Thousands expected to attend protests planned at Trump’s Mar-a-Lago

Thousands of people are expected to attend protests scheduled to take place later this month at President TrumpDonald John TrumpHannity urges Trump not to fire 'anybody' after Rosenstein report Ben Carson appears to tie allegation against Kavanaugh to socialist plot Five takeaways from Cruz, O'Rourke's fiery first debate MORE’s Mar-a-Lago resort in Florida “to mourn the victims of Hurricane Maria and demand justice for Puerto Rico.”

Leaders of the Central Florida Puerto Rican community told the Orlando Sentinel in a report published on Wednesday that they are expecting up to 2,500 people to come out for demonstrations scheduled to take place a week from Saturday to mark the anniversary of Hurricane Maria.

"It's been a year since one of the greatest tragedies in the history of Puerto Rico, and we here in the United States want to fight so that the world never forgets," Jimmy Torres Velez, founder of Boricua Vota ("A Puerto Rican Votes"), told the local newspaper. 

The first event will be held at Mar-a-Lago, where protesters will reportedly attempt to surround the president’s "Winter White House."

Marcos Vilar, president of the Orlando-based Alianza for Progress, said the second event will be a “gathering of cultures, presentations and statements” from the Puerto Rican community at the Meyer Amphitheatre in West Palm Beach to honor the thousands of lives lost in Hurricane Maria.


After Hurricane Maria hit Puerto Rico last year, the Trump administration faced criticism for its handling of recovery efforts on the island as well as the accounting of the deaths, though the president himself and administration officials have defended their actions.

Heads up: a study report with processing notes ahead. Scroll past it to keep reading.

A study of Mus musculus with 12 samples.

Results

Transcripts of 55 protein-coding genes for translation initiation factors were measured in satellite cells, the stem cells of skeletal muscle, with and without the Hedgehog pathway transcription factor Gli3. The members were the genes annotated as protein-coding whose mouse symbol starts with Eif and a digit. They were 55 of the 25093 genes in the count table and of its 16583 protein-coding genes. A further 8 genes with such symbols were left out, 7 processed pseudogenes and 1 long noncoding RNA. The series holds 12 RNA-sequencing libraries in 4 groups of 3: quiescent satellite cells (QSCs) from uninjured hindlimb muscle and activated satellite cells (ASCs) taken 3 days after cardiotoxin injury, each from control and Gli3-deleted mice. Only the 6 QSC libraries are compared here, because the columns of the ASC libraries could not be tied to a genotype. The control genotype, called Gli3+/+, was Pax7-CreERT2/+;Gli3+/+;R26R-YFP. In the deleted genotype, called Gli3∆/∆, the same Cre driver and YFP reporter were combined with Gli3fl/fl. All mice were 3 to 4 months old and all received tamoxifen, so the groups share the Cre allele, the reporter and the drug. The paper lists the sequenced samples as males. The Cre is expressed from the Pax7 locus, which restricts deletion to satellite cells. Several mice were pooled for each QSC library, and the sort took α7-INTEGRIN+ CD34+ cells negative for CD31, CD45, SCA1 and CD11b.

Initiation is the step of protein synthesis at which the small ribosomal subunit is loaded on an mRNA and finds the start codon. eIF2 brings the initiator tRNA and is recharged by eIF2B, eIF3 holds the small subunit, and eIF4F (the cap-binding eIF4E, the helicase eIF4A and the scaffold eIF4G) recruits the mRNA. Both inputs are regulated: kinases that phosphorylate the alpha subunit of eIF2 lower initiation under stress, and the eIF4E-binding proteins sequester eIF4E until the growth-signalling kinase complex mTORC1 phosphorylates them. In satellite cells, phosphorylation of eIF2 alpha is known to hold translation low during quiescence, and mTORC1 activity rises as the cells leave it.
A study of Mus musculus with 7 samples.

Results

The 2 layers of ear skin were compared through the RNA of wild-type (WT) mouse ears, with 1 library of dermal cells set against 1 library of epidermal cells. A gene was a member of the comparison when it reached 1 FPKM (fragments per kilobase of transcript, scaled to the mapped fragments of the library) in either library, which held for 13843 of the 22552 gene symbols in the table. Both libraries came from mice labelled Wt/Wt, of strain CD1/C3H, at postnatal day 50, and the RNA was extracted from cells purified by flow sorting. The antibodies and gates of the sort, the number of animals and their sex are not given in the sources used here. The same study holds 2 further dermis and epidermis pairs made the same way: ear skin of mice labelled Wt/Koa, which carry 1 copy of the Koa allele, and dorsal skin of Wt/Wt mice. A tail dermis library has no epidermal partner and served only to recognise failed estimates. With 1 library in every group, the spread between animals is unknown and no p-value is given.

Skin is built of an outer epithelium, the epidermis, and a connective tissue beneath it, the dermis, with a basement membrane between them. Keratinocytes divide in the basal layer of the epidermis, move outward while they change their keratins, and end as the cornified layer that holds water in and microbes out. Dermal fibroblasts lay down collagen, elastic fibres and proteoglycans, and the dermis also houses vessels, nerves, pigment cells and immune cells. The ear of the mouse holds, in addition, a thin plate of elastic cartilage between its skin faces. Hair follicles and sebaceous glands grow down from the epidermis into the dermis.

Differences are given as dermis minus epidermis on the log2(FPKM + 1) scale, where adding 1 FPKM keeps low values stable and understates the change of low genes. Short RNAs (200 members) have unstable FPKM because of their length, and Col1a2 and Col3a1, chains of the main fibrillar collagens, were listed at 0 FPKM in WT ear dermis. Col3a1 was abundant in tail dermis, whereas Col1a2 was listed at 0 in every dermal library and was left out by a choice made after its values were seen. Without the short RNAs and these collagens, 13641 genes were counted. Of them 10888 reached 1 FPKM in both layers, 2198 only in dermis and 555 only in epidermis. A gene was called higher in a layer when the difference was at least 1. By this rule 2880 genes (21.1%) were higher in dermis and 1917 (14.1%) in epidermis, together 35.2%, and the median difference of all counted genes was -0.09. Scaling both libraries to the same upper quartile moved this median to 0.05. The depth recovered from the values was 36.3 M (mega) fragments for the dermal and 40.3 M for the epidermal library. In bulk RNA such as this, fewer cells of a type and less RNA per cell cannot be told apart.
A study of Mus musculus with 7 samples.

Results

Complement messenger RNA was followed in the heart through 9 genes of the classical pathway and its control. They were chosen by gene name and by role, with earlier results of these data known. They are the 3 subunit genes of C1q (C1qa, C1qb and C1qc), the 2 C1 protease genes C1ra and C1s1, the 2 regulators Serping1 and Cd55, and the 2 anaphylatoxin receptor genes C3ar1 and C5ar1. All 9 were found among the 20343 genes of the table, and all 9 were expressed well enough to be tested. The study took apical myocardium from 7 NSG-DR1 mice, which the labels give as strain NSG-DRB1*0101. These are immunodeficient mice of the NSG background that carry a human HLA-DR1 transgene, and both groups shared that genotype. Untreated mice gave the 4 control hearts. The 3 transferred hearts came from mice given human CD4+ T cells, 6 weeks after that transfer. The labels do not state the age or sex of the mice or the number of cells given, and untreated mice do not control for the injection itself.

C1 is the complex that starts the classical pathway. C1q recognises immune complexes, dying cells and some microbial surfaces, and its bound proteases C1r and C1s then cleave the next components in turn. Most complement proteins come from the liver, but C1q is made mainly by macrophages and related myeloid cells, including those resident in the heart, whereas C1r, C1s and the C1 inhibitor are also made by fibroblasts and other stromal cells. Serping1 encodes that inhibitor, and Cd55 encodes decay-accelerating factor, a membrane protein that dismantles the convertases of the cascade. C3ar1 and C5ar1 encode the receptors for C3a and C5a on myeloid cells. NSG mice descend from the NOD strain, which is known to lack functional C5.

Last month, the Puerto Rican government acknowledged that 2,975 people likely died on the island due to Hurricane Maria, a number which is far greater than the government's initial official death toll of 64. 

Vilar blamed “the very slow and perhaps negligent response from President Trump and his administration” for the high death toll. 

He also slammed the president’s comments earlier this week after he called his administration’s response to the hurricane “an incredible unsung success.” 

“It is interesting the president chose 9/11 to pat himself on the back,” Vilar said. “It’s sort of a contrast of how he views citizenship and how citizenship really works. A democratic government has a pact with citizens. A citizen has a responsibility to participate and be active in civic life … and the government, in turn, has a responsibility to protect citizens and help citizens. We feel this administration has broken that pact.”

Vilar said the president “is personally responsible for the failed response to Puerto Rico [and] should respond to our claims. … If you compare the response of the federal government to those affected by Harvey, it's a ridiculous thing. Other American citizens of Texas and Alabama were given up to 17 months of assistance.”